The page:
A bold fire engine red front door opens to the home's welcoming entry with mudroom area. Hooks on the wall for hanging outdoor items like coats, jackets and umbrellas and a custom built-in bench that provides a spot to change shoes make the entry organized and user-friendly. Removing walls and enlarging an existing narrow hallway that cut the entry off from surrounding spaces really opened things up and improved flow in this first floor of the home.
This home has all the classic architectural elements of a prairie-style home. long flat roofs with big eaves, rows of windows and horizontal lines. Developed in the Midwest by architectural trailblazer Frank Lloyd Wright, the prairie style was built based on the idea that a home should serve all practical needs without being overly embellished or showy. It was influenced by the Arts and Crafts Movement and features many of the same concepts such as built-in furniture, simple materials and open floor plans.
An ascent on the modern staircase leads to the second floor landing with a direct view of the eye-catching laundry room accent wall. “I think that wall is really the key, we were looking at that space knowing most of the time in the laundry room that door is left open and you’re looking at something that is not necessarily lovely. In this case there is a great piece of local art hanging on the wall when the door is open and you see the beautiful stainless tile, so the first impression of that space is much nicer and more contemporary,” says house planner Jack Thomasson.
Brilliantly arranged to accommodate multiple generations of Danielle Rollins' family, this wing extending off the back of the home is just for Rollins and allows her to fling open the French doors and go for a swim first thing in the morning. "I swim almost every morning," says Rollins, with the pool just "42 steps from my bed." The wing also affords her privacy; her parents' occupy space in the main house and her children and god-daughter live on the second floor of her home.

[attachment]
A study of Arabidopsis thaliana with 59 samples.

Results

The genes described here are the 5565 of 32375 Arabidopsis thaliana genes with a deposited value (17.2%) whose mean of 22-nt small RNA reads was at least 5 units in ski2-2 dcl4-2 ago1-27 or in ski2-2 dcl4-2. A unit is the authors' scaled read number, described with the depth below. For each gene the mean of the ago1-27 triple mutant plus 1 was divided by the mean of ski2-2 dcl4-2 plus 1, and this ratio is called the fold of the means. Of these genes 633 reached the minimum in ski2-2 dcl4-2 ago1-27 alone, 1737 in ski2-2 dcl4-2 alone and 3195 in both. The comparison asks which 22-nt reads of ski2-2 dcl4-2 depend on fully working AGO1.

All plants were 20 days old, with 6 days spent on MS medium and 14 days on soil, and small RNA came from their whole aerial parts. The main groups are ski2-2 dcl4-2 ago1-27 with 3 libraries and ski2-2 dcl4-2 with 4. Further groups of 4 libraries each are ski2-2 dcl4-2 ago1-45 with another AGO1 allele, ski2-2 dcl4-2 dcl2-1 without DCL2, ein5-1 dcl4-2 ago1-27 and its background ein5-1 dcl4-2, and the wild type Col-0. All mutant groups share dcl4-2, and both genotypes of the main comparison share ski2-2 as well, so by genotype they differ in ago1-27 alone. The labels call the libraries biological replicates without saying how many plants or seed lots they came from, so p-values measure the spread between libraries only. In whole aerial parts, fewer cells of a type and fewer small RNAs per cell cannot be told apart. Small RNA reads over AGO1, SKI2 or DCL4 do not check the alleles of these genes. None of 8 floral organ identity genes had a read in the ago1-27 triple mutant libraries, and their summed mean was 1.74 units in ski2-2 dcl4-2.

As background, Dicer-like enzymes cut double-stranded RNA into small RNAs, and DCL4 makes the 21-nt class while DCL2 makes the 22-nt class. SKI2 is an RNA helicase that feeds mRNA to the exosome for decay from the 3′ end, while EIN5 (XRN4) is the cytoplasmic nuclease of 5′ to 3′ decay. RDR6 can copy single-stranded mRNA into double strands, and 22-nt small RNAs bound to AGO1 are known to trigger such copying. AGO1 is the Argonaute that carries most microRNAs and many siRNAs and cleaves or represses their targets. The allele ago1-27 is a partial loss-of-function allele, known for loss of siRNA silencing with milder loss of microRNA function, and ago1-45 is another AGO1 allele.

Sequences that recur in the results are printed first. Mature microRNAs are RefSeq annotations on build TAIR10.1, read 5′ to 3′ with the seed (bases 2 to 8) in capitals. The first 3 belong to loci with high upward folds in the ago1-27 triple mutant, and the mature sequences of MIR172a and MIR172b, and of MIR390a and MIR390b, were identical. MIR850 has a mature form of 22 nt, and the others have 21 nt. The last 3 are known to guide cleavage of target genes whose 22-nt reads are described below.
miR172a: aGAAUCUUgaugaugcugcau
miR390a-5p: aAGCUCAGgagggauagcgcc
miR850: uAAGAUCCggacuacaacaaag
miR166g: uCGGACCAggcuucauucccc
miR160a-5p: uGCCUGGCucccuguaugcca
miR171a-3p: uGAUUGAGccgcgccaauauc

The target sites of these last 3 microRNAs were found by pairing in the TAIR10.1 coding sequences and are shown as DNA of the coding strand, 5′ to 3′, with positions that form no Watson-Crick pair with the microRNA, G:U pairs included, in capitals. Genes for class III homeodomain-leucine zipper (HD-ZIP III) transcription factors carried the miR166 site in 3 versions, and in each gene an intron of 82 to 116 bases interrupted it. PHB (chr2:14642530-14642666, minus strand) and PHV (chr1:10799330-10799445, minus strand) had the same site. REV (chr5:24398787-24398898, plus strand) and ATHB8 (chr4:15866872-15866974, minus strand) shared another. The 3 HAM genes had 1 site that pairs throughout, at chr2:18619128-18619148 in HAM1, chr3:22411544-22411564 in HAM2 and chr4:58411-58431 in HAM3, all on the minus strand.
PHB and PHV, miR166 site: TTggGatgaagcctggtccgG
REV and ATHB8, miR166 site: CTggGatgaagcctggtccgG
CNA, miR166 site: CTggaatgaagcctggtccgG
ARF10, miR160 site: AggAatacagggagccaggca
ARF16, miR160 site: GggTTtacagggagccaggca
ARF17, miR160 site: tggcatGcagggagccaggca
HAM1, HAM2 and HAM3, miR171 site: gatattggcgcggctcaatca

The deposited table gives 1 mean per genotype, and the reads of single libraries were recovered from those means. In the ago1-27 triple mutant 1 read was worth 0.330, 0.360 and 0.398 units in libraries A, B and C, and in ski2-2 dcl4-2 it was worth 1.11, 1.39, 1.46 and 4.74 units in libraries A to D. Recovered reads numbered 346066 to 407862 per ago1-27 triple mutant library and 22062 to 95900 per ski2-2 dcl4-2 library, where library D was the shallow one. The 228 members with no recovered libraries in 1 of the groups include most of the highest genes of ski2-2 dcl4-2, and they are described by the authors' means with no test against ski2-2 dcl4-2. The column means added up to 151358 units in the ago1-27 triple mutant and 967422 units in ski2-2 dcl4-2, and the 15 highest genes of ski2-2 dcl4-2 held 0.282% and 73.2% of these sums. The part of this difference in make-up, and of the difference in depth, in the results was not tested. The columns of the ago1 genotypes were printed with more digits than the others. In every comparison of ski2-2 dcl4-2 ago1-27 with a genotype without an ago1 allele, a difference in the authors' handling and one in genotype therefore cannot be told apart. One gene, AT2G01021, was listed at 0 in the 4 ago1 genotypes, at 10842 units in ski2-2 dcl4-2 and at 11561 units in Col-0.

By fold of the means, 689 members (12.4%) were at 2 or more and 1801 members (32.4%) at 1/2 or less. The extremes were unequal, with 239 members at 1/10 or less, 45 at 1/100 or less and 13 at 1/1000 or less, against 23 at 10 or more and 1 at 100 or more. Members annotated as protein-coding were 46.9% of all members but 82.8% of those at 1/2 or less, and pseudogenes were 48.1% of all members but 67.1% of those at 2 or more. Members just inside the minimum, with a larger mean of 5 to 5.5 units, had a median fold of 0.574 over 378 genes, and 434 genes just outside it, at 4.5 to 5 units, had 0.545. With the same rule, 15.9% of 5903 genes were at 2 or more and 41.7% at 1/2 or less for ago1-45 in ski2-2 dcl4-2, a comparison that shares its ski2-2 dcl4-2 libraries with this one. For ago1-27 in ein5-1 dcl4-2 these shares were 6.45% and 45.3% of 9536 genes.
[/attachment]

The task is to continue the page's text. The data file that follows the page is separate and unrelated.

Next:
From behind the island, you can see into the living room and talk with guests while working on a gourmet meal that can easily be transported to the dining room just steps away. Removing walls, installing a steel beam and opening up the first floor of the home with the addition at the back transformed the property and made it much better suited for modern urban living.
Though the first floor of this home isn’t an open plan, the living room and dining room are close enough to each other to require a few connections in their design plan. The stripes on the rug, the polka dots on the table runner and even the triangle patterns on the wall in the dining room all have correlatives in the living room. And where there is the biggest difference - the complete lack of art in the dining room - all of the colors on the wall have been taken from the living room gallery wall, creating some beautiful visual connections.
For many, a mega-mansion represents the ideal dream home, but for Mike and Shawn McConkey, a shipping container was their ideal. The McConkey Residence, designed by OBR Architecture, is one of San Diego’s first shipping container homes. Three containers form 800 square feet of living space, and floor-to-ceiling windows make the open-air design feel even larger. A retractable garage door next to the kitchen is another thoughtful element (and perfect for those times when the stove gets a bit too smoky). Speaking of smoke, the windows and roof incorporate flame-retardant materials in the event of wildfires.